Michael Luisi on The Rise and Fall of Television and the Switch to Streaming Services
The writing has been on the wall for a decade and it’s now official: cable television is dying, being slowly stomped on and drained of its remaining lifeforce by increasingly powerful streaming services like Netflix, HBO Go, Amazon Prime, and Hulu.
Netflix alone surpassed all cable and satellite TV providers in users by the end of 2018 according to a report from PwC, with 76% of consumers polled being subscribers of the service. Just 67% had any cable or satellite package, down from 73% a year earlier. And the trend is only intensifying among younger viewers, who primarily use streaming services at twice the rate of cable.
Other than briefly stalling in 2011, when its subscriber count rose by just 17% year-over-year after jumping by 60% in 2010, it’s been a meteoric rise for Netflix, which has risen from just 7.48 million subscribers in 2007 to over 150 million in 2019.
Streaming Threat Was Not Taken Seriously by Cable Behemoths
On the other hand, it’s been a rapid fall from grace for cable that many in the industry have been slow to react to says Michael Luisi, who spent 12 years at Walt Disney, which is now on the cusp of releasing its own highly anticipated streaming service that will unite the powerful content triumvirate of Marvel, Star Wars, and Disney.
Michael Luisi says the streaming threat was not taken seriously for a long time given expectations that news and sports content, which didn’t translate as well to streaming, would insulate cable from too much disruption. It hasn’t, and with ESPN Plus now available for less than $5 a month and most millennials getting their news from online sources, there is little to protect cable from further bleeding.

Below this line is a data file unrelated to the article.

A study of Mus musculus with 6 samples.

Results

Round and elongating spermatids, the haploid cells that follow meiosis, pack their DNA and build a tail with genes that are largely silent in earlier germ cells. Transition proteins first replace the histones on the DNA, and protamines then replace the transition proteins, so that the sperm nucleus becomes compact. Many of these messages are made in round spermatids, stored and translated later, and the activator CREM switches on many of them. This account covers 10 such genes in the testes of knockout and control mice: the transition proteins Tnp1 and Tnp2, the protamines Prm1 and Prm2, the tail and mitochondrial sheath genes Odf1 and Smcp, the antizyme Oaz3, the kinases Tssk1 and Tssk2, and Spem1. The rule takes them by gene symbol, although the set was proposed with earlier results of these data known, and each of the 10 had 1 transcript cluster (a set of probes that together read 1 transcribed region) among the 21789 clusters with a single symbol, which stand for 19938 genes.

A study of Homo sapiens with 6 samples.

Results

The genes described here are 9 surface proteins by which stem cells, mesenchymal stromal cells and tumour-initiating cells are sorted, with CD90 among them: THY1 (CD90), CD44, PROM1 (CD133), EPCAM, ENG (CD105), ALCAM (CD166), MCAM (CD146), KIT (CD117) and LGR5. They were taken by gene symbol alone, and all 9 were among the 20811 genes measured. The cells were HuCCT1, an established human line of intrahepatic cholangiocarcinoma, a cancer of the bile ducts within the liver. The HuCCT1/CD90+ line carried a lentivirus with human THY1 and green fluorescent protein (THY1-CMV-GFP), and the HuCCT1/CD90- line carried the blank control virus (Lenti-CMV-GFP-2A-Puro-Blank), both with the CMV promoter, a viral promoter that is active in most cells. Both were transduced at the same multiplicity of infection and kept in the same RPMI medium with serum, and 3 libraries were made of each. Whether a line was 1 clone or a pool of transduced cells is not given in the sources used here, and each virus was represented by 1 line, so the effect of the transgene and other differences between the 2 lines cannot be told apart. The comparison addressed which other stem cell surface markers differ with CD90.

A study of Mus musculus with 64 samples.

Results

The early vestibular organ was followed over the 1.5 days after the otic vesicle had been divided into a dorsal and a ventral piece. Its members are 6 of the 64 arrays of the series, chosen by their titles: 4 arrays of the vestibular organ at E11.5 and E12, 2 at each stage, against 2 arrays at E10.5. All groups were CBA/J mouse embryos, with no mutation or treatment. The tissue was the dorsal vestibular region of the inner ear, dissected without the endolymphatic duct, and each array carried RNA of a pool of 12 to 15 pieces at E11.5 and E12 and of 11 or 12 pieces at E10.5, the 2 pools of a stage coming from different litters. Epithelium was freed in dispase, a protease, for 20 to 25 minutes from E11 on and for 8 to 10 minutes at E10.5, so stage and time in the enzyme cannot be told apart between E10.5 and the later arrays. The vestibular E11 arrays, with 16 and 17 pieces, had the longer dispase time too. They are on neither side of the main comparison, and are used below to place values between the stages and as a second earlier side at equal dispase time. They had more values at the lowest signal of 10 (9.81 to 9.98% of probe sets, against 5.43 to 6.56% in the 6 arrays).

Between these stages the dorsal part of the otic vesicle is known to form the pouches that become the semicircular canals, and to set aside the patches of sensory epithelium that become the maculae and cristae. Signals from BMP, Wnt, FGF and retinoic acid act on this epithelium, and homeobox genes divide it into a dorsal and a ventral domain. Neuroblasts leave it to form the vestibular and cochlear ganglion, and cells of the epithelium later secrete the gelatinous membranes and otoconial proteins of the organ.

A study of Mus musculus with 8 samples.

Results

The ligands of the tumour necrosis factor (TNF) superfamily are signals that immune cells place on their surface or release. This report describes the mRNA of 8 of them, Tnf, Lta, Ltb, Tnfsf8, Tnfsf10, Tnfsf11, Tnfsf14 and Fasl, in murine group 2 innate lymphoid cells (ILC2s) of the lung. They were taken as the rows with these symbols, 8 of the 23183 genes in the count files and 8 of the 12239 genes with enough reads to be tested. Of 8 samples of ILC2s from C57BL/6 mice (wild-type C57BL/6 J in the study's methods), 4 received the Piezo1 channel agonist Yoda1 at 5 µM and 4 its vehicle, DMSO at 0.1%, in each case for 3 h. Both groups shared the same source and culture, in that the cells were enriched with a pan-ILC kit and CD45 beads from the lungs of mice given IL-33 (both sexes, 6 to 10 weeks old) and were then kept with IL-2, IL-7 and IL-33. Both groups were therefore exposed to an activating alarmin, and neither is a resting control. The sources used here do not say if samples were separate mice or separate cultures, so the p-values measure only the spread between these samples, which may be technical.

While Michael Luisi has embraced the new streaming world order, he does lament the loss of those iconic television shows that united fans as a collective conscious and created great water cooler moments the day after their latest episodes. Instead, everyone now watches shows on their own schedules and discussing them around others is routinely off-limits for fear of spoiling them, since anyone can catch up at any time.
Michael Luisi on the Fall of Cable
It’s not as if cable providers deserved a better fate. For years, many of them have been among the most hated companies in the world for their infuriating service, excessive prices, and gigantic bundles of channels that nobody wanted.
Their more recent efforts to maintain their television monopolies by squashing streaming services through imposing unjustifiable broadband usage caps on their customers and their opposition to net neutrality certainly hasn’t won them any new fans.
It’s not as if streaming services don’t have their own problems, as only 12% of the consumers polled by PwC considered them to be easy to navigate and discover content. Streaming platforms routinely lose the rights to some of their content as well, which can annoy fans who considered that content part of what they were paying for.
However, compared to paying an arm and a leg to watch cable shows on a tightly defined schedule that are broken up every 8–12 minutes by the same annoying ads, the choice has been a rather ridiculously easy one to make for many consumers.